Nike Is Suing Brooklyn Art Collective MSCHF Over 'Satan Shoes' - Newslibre

Nike Is Suing Brooklyn Art Collective MSCHF Over ‘Satan Shoes’

When you think you have seen and heard it all, the world always finds a way to surprise you and that can be clearly evidenced with today’s reports regarding Nike suing Brooklyn art collective MSCHF over a controversial pair of “Satan Shoes” that is said to contain a drop of real human blood in the soles.

Nike is taking action against MSCHF’s Air Max ’97 Satan Shoes, which are being marketed as being an ‘exclusive’ product containing ’60cc ink and 1 drop of human blood, a tweet posted by SAINT read.

The $1,018 (UGX 3,725,797) trainers, which feature an inverted cross, a pentagram and the words “Luke 10:18”, were made using modified Nike Air Max 97s. Nike has already promised to take action against the product and is claiming trademark infringement.

According to BBC, MSCHF released exactly 666 pairs of the satan shoes on Monday in collaboration with rapper Lil Nas X. It is also reported that the shoes sold out in less than a minute after they were revealed.

The black and red shoes were “dropped” by MSCHF on Monday, coinciding with the launch of Lil Nas X’s latest song Montero (Call Me By Your Name), which debuted on YouTube last Friday.

The song sees the rapper, who came out in 2019, celebrating his sexuality as a proud gay man rejecting society’s attempts to shame him for the way he is.

The Montero (Call Me By Your Name) video shows Lil Nas X slide down a stripper pole from heaven to hell before dancing provocatively with Satan, then proceeds to snap his neck and steal his horns while at it. The video definitely delivers a provocative message that many believers will find disturbing and offensive.

The imagery and the shoes both reference the Bible verse Luke 10:18 – “So He told them, ‘I saw Satan fall like lightning from heaven.”

Each shoe features a signature Nike air bubble cushioning sole, containing 60 cubic centimetres (2.03 fluid ounces) of red ink and a single drop of human blood, donated by members of the MSCHF art collective.

Nike is asking the court to stop MSCHF from selling the satan shoes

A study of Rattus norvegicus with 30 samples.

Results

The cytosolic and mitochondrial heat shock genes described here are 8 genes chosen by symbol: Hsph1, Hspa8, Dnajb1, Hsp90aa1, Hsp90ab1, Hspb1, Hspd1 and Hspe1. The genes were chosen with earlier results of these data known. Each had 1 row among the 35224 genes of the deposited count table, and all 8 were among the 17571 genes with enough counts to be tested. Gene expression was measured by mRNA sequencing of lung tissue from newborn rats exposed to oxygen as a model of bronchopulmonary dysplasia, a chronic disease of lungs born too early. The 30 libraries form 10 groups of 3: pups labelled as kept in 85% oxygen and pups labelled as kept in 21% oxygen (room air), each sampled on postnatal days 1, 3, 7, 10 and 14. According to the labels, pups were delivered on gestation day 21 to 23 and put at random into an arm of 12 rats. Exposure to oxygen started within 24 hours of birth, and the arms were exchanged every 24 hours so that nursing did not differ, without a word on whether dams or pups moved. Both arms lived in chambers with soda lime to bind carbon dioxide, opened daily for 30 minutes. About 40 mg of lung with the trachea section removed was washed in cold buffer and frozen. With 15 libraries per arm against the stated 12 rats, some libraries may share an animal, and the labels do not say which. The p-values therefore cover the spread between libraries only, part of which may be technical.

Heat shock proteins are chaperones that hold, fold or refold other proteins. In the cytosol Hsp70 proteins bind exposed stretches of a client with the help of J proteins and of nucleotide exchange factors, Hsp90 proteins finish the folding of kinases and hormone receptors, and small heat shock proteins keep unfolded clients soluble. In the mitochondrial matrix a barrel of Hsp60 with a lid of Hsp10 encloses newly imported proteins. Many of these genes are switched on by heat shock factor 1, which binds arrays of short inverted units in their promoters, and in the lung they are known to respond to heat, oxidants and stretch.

According to the filing made by Nike with the US District Court for the Eastern District of New York, the popular brand does not approve or authorise the customised Satan Shoes and is asking the court to stop MSCHF from selling the shoes and prevent them from using its famous Swoosh design mark.

“MSCHF and its unauthorised Satan Shoes are likely to cause confusion and dilution and create an erroneous association between MSCHF’s products and Nike,” the sports shoe giant says in the lawsuit.

“In fact, there is already evidence of significant confusion and dilution occurring in the marketplace, including calls to boycott Nike in response to the launch of MSCHF’s Satan Shoes, based on the mistaken belief that Nike has authorised or approved this product.”

The lawsuit cites a tweet by popular shoe influencer @Saint from last Friday, which teased the upcoming release of the shoes and drummed up publicity over the weekend on social media and in the media in the US.

Some Conservatives, including South Dakota Governor Kristi Noem, and some religious followers, took offence at the controversial design of the shoes and criticised Lil Nas X and MSCHF on Twitter.

Nike Is Suing Brooklyn Art Collective MSCHF Over 'Satan Shoes' - Newslibre

Aside from that, it should be noted that MSCHF was the same company behind their limited edition Nike Air Max 97 MSCHF x INRI Jesus Shoes that were released in 2019 and had a crucifix plus 60cc of holy water from the River Jordan blessed a priest from Brooklyn valued at $1,425 per pair.

The Jesus shoes, however, didn’t face similar backlash as the satan shoes have faced. Lil Nas X recently came out to apologise for the confusion caused by the satan shoes.



Allan Bangirana has a taste for all kinds of topics and usually writes about tech, entertainment, sports and community projects that make a difference in society.

He writes for Newslibre and Spur Magazine. He is also the co-founder of the Innovware project and a freelance consultant passionate about technology and web.